Kishan Lal was born in colonial India in the year 1917. He was the captain of the first Indian team which won the Olympics Gold medal in 1948 under the Indian Tricolour. A born leader, talismanic figure of Indian hockey and later a successful coach and commentator, Kishan Lal was honoured with the Padma Shri in 1966. Gian Singh spoke of this mercurial hockey legend that ‘Many times, I would think he would score but invariable he would pass the ball to inside forwards or the centre forward to do the finishing touch’. Kishan Lal was to the British in 1948 what Dhyan Chand was to the world in the 1936 Berlin Olympics. In the movie Gold Akshay Kumar plays a caricaturish version of this legend by taking ‘cinematic liberties’ to create a junior manager named Tapan Das. In his attempt at being pernickety, Akshay Kumar creates a ‘gondogol’ and ‘uri baba’ spewing stereotype which my plain mind thought Bollywood has left behind years ago, but apparently not.
The premise on which Gold was created could evoke patriotic fervour in the most detached of humans. Yet, miraculously, what we get is a perfunctory attempt at a masala movie checking every cliché associated with Bollywood sports movies. Gold is a perfect example of how the trailer belies the movie. What was projected as a movie about independent India’s first Olympic Gold, became less about hockey and the struggle to form a world beating team owing to the partition, and more about the idiosyncrasies of a fictional junior manager with passing mentions of the actual struggle. I would go as far as saying that the movie would have been better served without the protagonist himself. In fact the character Samrat (Kunal Kapoor) seemed to be perfectly fit to galvanize the characters into giving their all for the motherland against the very oppressors who ruled us to take a figurative revenge for ‘200 saal ki ghulami’. Samrat was the fictionalized version of the great Dhyan Chand, the greatest hockey player ever. He helped train the new crop of hockey players as he himself took a backseat and focused on the greater role of nurturing talent across India. Dhyan Chand was involved both as a player and a mentor during India’s hitherto unmatched run of 6 golds. So why was his character not the focal point of the movie? Let me answer that. Because an eccentric, drunk Bengali manager gives all the liberties to cater to the entertainment seeking holiday audience who throng the cinemas in huge numbers on the 15th of August. In fact, Kunal Kapoor and Vineet Kumar Singh, who portrays Imtiaz Ali Shah, hold their own in the screen time they get and it is their characters which bring out the significance of the stakes. Sunny Kaushal brings much needed earnestness in his performance as the Punjab player who does not get a match until the final. He keeps the flag in the Kaushal family flying after Vicky, who is an established name now.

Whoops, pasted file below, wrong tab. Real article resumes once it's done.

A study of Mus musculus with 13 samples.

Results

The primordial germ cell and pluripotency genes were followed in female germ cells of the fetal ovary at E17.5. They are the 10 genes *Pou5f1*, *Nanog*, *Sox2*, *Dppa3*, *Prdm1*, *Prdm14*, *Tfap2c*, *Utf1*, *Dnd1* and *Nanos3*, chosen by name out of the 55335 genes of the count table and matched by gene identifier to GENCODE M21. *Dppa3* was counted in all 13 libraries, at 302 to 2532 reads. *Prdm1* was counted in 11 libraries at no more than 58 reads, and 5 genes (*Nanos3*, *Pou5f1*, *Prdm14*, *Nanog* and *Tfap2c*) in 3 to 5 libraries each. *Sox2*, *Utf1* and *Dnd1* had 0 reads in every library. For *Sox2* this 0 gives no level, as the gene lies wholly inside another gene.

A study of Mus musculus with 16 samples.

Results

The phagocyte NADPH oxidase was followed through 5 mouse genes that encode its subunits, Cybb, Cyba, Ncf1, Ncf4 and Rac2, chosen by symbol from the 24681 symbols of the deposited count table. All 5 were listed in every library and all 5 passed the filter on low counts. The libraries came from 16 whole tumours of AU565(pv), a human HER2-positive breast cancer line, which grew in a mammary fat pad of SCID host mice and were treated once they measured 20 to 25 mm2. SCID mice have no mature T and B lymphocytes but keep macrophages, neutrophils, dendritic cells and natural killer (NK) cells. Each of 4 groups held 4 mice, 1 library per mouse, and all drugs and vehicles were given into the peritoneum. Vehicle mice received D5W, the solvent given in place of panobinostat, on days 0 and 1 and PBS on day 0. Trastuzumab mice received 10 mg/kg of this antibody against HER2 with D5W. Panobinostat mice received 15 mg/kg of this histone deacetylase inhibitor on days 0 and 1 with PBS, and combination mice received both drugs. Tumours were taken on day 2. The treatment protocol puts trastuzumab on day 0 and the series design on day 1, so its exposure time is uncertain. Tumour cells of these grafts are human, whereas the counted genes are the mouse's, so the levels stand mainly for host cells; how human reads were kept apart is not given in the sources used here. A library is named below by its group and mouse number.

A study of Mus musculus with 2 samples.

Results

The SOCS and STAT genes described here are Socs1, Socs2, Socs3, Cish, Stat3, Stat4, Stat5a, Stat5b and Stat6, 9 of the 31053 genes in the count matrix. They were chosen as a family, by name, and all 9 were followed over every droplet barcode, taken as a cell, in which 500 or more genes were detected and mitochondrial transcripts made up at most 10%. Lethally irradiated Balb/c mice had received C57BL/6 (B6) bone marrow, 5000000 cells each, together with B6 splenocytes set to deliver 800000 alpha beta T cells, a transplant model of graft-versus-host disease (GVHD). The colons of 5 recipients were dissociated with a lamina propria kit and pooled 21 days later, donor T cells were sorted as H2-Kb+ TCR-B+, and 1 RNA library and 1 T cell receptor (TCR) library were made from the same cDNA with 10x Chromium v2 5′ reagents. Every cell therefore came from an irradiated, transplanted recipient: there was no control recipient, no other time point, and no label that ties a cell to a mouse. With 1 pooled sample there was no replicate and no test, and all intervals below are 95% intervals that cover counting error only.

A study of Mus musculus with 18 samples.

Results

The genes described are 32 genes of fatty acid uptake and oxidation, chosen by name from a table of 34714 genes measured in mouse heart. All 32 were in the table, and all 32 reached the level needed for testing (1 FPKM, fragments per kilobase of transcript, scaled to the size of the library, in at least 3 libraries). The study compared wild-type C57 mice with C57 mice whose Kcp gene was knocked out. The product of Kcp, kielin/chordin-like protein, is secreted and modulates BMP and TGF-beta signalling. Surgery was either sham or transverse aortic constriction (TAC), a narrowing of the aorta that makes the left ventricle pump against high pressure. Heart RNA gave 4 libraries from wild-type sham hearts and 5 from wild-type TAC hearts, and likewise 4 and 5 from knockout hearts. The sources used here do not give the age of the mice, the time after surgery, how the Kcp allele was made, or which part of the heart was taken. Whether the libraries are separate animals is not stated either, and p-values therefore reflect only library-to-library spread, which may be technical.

Gold is a disjointed sequence of events which gets bogged down by the blatant staginess and never quite embraces the truth, yet meanders close to it all through the two and half hour run time. We get to see the team breaking up due to partition, team forced to practice in a monastery, the captain forced out of the country by rioting public and players recruited from across India. Yet, they are juxtaposed with brainless infighting, love interest and a cliched manager who becomes a daily soap antagonist at the drop of a hat. Soorma which released only a month ago was a better biography, with it’s share of dramatic moments fitted into a true story which is captured as honestly as Bollywood permits.
Director and story writer Reema Kagti seems to be arm-twisted by her own desperation to make a masala flick and the producer’s demands. Her previous two directorial ventures Honeymoon Travels Pvt. Ltd and Talaash did not do well at the box office , although garnering appreciation for content and Gold seems to be a compensation of sorts. And that is where you will feel so let down as the loose ends are never tied up. Even the match sequences are amateurish at best. Chak De India worked because you got a feeling of the stadium and the matches were shown by panning out rather than zooming in. Watch any sports movie from Hollywood and you will know that the best parts are when we get a sense of the occasion and the drama unfolding from the spectator’s perspective and not when the camera lingers in front of the players.
What Gold has achieved to do well is made us reach for our phones and Google about the real life stars and patriots who rewrote history for the country on the sporting arena. Kishan Lal, Dhyan Chand and Vice-captain K.D. Singh from the golden age of Indian sports are back into people’s memories thanks to Gold. How I wish Reema Kagti used their real names and showed one real life picture of the actual team which won Independent India’s first Gold. Alas!